Australian Court Stops Hate Group - Freelance Journalist John Macregor Discredited, Found Guilty of Stealing Computer Files, Lying to Court


The Court found that freelance journalist John Macgregor had participated in a hate group scheme to steal financial documents from Ivory's Rock Conference Centre and the not-for-profit organisation, Elan Vital. The case referred to is George Laver, Karin Conrad and Ivory's Rock Conferrence Centre v. John Macgregor, Case Number S-9538/03, filed in the Supreme Court of Queensland, 18 November 2003. The stolen documents included the personal and financial data of private citizens who had donated to the organisation. Macgregor distributed the documents to an Internet hate site under an anonymous name.

Macgregor had been a member of the hate group for several months and claimed several times on the Internet that he obtained the documents from a secret source inside Elan Vital. The court found that there was no such source and that the documents were merely the fruit of plain deceit and irresponsible journalism.

The Court ruled against Macgregor on summary judgment, meaning that the record of Macgregor's unlawful acts was so strong that there was no need for the matter to go to a full trial. Macgregor has also been ordered to pay the costs of the action, which are estimated to top $100,000.

Theft, Deceit and Bogus Journalism

In writing stories about Elan Vital and Ivory’s Rock Conference Centre, it was found that Macgregor never disclosed to his editors that he was himself the anonymous source that he quoted. Macgregor used his contacts in the journalistic community to plant false and defamatory stories about IRCC and EV and manipulated unsuspecting journalists into quoting him as if he were a legitimate source. The court had previously found Macgregor in contempt of court in November 2003 when he was adjudged to have lied to the court about the means in which the service of papers upon him were delivered.

"We are glad that the Australian legal system recognises that hate groups like this cannot lie to journalists and editors, lie to the public, or help to steal confidential documents to further their bizarre aims. While we have nothing to hide and take no issue with fair criticism, no one should have to endure the illegal behavior of self-interest hate groups following their own agenda, said Cath Carroll of Ivory’s Rock Conference Centre. "This should put hate groups and bogus journalists on notice that when they cross the line into illegal acts, they will have to answer to the law for their behavior."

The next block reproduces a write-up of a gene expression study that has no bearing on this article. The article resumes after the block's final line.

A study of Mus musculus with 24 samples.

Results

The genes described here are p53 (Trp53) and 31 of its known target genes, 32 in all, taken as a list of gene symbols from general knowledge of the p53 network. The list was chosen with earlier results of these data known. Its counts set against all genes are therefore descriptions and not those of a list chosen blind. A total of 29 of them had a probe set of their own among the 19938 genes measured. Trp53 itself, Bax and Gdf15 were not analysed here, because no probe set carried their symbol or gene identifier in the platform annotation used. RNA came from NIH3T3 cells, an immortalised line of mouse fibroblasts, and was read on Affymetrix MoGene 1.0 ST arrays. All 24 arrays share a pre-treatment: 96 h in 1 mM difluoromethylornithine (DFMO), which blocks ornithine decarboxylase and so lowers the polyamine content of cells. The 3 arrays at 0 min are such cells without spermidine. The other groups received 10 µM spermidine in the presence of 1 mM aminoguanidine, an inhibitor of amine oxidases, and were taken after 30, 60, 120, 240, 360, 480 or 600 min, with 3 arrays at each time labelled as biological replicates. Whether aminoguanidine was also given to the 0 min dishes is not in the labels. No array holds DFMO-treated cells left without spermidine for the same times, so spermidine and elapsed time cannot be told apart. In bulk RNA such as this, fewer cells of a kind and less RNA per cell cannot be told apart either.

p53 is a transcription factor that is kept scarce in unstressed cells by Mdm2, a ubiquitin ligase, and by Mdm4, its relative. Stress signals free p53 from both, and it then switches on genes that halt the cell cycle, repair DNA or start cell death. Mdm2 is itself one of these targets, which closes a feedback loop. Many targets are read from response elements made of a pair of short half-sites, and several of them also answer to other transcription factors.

Not for Profit Organisation Cleared From Wrongdoing

In the court proceedings, Macgregor at first denied stealing the computer files, then, when forced to admit his scheme, tried to persuade the Court that the stolen documents showed criminal wrongdoing by Elan Vital, which justified the theft and wrongful dissemination to the anonymous hate site and to Australian newspapers.

The court strongly rejected this defence, explicitly finding that the stolen documents showed no reason at all to believe that EV or IRCC were involved in any criminal undertaking. In support of his argument Macgregor submitted a series of fabricated affidavits sworn by himself and his accomplices, first denying that they stole the documents, and then admitting the theft but trying to justify it. The court refused to accept any of these affidavits, finding Macgregor and his accomplices untrustworthy and not credible. Because it was found there had been no wrongdoing by EV, the court ruled that the hate group was simply not justified in stealing private information about innocent people involved in the organisation.

The simple truth is that EV is a group of rather ordinary law-abiding people, who feel that their lives have been enriched by a message of peace to be found within, as taught by Prem Rawat, also known as Maharaji.

Contrarily to the spin that Macgregor tried to put on it, this story is sadly only about a journalist turned thief and liar to serve his own hateful agenda.

Is Macgregor an example of a new low in journalistic practices? Surely Is he a disgrace for the credibility of our media? Surely.

Is he the Jason Blair of Australia? This will be for editors to decide.